Miltoun rose from his seat. “I cannot discuss this,” he said; “I cannot.”
“For her sake, you must. If you give up your public work, you’ll spoil her life a second time.”
Miltoun again sat down. At the word ‘must’ a steely feeling had come to his aid; his eyes began to resemble the old Cardinal’s. “Your nature and mine, Courtier,” he said, “are too far apart; we shall never understand each other.”
“Never mind that,” answered Courtier. “Admitting those two alternatives to be horrible, which you never would have done unless the facts had been brought home to you personally—”
“That,” said Miltoun icily, “I deny your right to say.”
“Anyway, you do admit them—if you believe you had not the right to rescue her, on what principle do you base that belief?”
Miltoun placed his elbow on the table, and leaning his chin on his hand, regarded the champion of lost causes without speaking. There was such a turmoil going on within him that with difficulty he could force his lips to obey him.
“By what right do you ask me that?” he said at last. He saw Courtier’s face grow scarlet, and his fingers twisting furiously at those flame-like moustaches; but his answer was as steadily ironical as usual.
“Well, I can hardly sit still, my last evening in England, without lifting a finger, while you immolate a woman to whom I feel like a brother. I’ll tell you what your principle is: Authority, unjust or just, desirable or undesirable, must be implicitly obeyed. To break a law, no matter on what provocation, or for whose sake, is to break the commandment”
“Don’t hesitate—say, of God.”
“Of an infallible fixed Power. Is that a true definition of your principle?”
“Yes,” said Miltoun, between his teeth, “I think so.”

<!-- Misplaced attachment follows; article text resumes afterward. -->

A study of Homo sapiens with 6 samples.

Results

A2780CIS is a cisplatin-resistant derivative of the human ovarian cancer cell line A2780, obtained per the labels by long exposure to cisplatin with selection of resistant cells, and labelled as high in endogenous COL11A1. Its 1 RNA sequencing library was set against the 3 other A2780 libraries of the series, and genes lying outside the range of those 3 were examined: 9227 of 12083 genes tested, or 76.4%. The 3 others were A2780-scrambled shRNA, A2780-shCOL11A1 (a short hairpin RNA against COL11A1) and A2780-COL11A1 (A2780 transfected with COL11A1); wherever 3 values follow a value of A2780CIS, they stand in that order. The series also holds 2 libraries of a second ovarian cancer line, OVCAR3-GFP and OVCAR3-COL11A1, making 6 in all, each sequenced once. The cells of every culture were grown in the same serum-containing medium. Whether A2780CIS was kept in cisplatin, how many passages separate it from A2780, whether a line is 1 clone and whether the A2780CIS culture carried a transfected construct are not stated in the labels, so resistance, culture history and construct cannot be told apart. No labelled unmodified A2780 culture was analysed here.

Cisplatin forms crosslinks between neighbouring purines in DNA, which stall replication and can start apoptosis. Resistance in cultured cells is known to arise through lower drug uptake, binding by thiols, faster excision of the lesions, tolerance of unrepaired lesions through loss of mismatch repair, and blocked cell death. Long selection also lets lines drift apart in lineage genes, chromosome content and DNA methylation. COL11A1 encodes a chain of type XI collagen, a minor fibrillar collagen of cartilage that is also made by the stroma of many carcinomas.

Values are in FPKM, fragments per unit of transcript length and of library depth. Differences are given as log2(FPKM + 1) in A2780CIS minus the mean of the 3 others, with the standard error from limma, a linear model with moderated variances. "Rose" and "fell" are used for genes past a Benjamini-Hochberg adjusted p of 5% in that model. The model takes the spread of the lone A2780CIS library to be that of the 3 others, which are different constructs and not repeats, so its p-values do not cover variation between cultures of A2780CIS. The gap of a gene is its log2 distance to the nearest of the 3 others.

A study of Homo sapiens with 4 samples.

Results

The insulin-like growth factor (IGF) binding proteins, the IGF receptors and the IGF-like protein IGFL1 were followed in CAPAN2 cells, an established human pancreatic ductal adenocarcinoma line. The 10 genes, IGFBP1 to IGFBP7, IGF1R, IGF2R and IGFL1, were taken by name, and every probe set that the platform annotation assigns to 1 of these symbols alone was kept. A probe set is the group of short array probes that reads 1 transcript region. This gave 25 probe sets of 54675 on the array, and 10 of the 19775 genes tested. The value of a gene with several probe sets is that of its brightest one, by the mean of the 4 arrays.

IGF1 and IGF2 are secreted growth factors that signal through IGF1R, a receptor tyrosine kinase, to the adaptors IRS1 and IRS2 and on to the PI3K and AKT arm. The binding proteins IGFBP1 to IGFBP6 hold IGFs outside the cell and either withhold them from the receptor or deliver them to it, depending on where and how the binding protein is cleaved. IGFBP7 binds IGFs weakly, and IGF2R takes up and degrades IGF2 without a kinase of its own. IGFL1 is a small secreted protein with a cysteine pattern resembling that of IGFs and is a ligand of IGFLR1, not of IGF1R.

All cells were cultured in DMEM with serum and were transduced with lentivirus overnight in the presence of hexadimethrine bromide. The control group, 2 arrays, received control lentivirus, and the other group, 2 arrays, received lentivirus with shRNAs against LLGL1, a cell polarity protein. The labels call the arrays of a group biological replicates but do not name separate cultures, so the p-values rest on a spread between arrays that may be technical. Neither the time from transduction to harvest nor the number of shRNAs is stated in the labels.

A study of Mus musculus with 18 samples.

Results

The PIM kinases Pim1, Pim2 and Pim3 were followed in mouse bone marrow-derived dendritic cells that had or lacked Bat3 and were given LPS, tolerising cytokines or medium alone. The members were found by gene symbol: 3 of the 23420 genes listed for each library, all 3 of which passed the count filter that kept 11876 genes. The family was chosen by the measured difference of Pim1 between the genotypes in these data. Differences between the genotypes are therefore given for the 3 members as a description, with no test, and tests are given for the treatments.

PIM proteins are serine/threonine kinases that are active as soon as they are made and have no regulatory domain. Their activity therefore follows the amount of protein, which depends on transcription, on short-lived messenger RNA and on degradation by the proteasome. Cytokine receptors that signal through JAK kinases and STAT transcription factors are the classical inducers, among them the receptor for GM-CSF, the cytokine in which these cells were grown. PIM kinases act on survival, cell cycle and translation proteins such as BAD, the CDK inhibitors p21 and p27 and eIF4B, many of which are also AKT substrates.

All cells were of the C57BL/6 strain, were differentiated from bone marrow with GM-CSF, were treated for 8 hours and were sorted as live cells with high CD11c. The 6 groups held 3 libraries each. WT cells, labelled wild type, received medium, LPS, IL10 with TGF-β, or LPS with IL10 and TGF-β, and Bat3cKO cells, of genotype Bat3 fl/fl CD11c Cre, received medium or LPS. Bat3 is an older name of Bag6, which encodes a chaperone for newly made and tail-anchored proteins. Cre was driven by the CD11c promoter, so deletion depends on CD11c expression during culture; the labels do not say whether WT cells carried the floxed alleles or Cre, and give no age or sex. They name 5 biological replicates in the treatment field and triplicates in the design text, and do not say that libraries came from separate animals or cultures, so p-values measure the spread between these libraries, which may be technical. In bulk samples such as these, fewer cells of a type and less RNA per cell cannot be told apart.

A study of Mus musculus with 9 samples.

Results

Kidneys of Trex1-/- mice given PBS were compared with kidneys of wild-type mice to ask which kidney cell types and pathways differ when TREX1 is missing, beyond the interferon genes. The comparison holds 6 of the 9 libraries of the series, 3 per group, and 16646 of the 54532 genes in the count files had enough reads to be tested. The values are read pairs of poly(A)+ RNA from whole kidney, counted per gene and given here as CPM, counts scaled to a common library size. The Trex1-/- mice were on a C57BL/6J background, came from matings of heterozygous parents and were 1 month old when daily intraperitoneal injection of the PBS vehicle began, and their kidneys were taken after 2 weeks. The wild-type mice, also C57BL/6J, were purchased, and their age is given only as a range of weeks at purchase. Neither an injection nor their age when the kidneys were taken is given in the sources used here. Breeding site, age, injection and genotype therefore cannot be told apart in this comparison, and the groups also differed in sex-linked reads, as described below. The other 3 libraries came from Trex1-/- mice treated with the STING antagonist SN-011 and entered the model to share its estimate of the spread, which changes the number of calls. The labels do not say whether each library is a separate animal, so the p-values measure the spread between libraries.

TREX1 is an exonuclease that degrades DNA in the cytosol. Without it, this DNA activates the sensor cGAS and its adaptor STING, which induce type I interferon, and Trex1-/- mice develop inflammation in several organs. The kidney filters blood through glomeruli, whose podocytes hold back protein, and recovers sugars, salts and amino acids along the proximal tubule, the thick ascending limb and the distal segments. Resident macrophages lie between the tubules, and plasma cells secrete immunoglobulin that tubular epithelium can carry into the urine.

“Exceptions prove the rule.”
“Hard cases make bad law.”
Courtier smiled: “I knew you were coming out with that. I deny that they do with this law, which is altogether behind the times. You had the right to rescue this woman.”
“No, Courtier, if we must fight, let us fight on the naked facts. I have not rescued anyone. I have merely stolen sooner than starve. That is why I cannot go on pretending to be a pattern. If it were known, I could not retain my seat an hour; I can’t take advantage of an accidental secrecy. Could you?”
Courtier was silent; and with his eyes Miltoun pressed on him, as though he would despatch him with that glance.
“I could,” said Courtier at last. “When this law, by enforcing spiritual adultery on those who have come to hate their mates, destroys the sanctity of the married state—the very sanctity it professes to uphold, you must expect to have it broken by reasoning men and women without their feeling shame, or losing self-respect.”
In Miltoun there was rising that vast and subtle passion for dialectic combat, which was of his very fibre. He had almost lost the feeling that this was his own future being discussed. He saw before him in this sanguine man, whose voice and eyes had such a white-hot sound and look, the incarnation of all that he temperamentally opposed.